Sholto Byrnes: Talking Jazz

This column has not always been noted for its friendliness towards jazz vocalists. That, I would contend, is only because many who call themselves such have not proved themselves worthy to bear the mantle of the jazz tradition. But praise will be given where it is due, and it is certainly owed to an American singer whose European tour brings him to the PizzaExpress Jazz Club in Soho from tomorrow night. Thirty-eight-year-old Kurt Elling is quite simply the most remarkable jazz vocalist of his generation, and just as much of a find as Bobby McFerrin was when he arrived 20 years ago.
You’re less likely to have heard of Elling, though, as the Chicagoan lacks the commercial-friendly touch that gave McFerrin a genuine hit with “Don’t Worry, Be Happy”. Instead, there’s a thrilling severity to Elling’s approach that allows him to rank with the most serious of instrumentalists.

He can sing (and write) relatively straightforward melodies, such as the lovely “Man in the Air”, the title track of his 2003 Blue Note album. In this aspect alone, he is already superior to the dime-a-dozen crooners who crop up like clockwork nowadays. But what raises him way above the rest is his quite staggering ability at scatting and vocalese.

Both of these are very difficult disciplines, requiring a dexterity far beyond that necessary merely to interpret a song. The exponents of vocalese – the art of setting words both to instrumental tunes and to solos – have never numbered many, but include the illustrious names of Eddie Jefferson and Jon Hendricks, who has tackled compositions by everyone from Count Basie to Rachmaninoff.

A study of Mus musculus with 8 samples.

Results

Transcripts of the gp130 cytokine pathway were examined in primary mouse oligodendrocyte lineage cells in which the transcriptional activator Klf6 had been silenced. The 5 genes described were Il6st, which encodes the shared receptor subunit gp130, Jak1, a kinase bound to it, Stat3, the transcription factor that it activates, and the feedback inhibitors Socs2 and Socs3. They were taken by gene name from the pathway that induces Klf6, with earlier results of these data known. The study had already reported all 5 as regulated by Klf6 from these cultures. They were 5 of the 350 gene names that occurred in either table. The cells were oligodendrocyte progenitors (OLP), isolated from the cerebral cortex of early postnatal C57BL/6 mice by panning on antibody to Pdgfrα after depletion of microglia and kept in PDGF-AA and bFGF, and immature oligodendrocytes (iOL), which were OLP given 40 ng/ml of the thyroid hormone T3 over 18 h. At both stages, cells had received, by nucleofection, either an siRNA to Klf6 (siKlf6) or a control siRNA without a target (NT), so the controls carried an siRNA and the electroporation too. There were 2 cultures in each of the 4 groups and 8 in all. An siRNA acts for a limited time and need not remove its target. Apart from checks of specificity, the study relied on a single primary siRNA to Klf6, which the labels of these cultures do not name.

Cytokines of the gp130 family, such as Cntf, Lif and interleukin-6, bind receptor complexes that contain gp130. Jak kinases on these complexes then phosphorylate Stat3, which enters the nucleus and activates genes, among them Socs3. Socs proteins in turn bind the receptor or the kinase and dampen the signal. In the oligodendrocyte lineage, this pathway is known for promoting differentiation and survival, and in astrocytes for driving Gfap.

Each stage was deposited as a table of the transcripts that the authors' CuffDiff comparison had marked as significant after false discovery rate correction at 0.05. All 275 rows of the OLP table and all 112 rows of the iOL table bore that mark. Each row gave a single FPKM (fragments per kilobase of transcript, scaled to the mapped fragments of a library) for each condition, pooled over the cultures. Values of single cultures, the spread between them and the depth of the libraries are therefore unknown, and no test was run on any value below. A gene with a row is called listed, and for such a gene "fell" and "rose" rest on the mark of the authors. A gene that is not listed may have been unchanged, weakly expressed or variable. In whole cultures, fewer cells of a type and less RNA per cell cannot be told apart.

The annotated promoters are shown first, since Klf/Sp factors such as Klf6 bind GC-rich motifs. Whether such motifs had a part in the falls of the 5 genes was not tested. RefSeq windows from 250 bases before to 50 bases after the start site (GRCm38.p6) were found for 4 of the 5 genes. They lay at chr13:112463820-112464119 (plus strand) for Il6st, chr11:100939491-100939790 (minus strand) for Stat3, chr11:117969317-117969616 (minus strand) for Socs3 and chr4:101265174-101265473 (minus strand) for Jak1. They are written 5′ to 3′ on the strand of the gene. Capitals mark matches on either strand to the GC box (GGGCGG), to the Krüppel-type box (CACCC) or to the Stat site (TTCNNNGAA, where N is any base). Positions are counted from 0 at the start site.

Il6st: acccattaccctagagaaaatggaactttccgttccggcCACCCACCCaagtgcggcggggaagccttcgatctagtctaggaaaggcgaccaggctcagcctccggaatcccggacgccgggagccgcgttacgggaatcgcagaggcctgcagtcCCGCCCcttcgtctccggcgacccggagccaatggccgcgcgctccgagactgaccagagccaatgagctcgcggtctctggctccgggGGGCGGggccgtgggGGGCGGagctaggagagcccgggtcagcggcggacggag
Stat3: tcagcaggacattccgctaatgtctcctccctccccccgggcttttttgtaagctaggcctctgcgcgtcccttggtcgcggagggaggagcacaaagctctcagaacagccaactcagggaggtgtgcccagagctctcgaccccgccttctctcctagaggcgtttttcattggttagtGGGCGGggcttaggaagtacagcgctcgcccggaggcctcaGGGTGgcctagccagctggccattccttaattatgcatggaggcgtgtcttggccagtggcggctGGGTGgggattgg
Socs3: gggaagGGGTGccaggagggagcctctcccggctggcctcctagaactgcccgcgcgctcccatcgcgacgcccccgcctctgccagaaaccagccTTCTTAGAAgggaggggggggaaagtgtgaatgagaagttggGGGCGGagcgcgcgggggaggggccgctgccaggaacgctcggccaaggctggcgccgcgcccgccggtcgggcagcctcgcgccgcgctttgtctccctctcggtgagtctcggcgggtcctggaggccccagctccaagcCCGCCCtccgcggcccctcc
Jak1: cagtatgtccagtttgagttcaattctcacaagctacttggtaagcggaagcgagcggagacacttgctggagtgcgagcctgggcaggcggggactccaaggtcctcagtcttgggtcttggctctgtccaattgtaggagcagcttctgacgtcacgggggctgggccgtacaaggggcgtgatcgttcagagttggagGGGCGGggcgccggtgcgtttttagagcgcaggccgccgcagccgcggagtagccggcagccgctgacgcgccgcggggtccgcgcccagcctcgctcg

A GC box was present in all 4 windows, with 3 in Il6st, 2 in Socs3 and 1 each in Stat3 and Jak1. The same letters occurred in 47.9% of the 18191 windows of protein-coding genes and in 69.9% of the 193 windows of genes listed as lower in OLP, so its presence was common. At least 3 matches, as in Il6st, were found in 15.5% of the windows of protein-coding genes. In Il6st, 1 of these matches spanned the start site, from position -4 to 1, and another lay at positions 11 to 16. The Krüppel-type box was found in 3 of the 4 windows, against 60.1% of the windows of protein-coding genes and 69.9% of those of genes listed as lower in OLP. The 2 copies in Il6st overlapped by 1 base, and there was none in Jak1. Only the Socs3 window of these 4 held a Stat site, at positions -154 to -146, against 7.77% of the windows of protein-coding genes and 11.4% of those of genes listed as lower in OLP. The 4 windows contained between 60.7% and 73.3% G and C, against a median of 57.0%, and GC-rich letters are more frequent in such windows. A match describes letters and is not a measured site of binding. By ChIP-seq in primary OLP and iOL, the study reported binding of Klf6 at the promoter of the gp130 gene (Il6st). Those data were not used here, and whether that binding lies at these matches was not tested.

But I’m not sure anyone has attempted anything quite as ambitious as Elling’s vocalese version of “Resolution” from Coltrane’s A Love Supreme, a work that inspires such awe that few dare touch it. Elling not only brings the spiritual aspect of the piece clearly to the fore, but magnificently sings his way through the entirety of Coltrane’s tenor sax solo. It’s one of those very rare occasions – one other that springs to mind is the take by Elling’s mentor, Mark Murphy, on Freddie Hubbard’s “Red Clay” – when a definitive masterpiece is reinterpreted in a manner that complements and almost equals the original.

As for Elling’s scatting, nobody can match him for speed, invention and attack in this department. His recording of Herbie Hancock’s “Eye of the Hurricane” with the Bob Mintzer Big Band is absolutely astounding. One breathtaking solo is followed by a later duel with Mintzer, in which the leader’s sax is utterly trounced by the machine-gun syllables and wild screeching of his guest vocalist.

Nat “King” Cole it ain’t. But to find out what jazz singing is really about, Elling’s your man.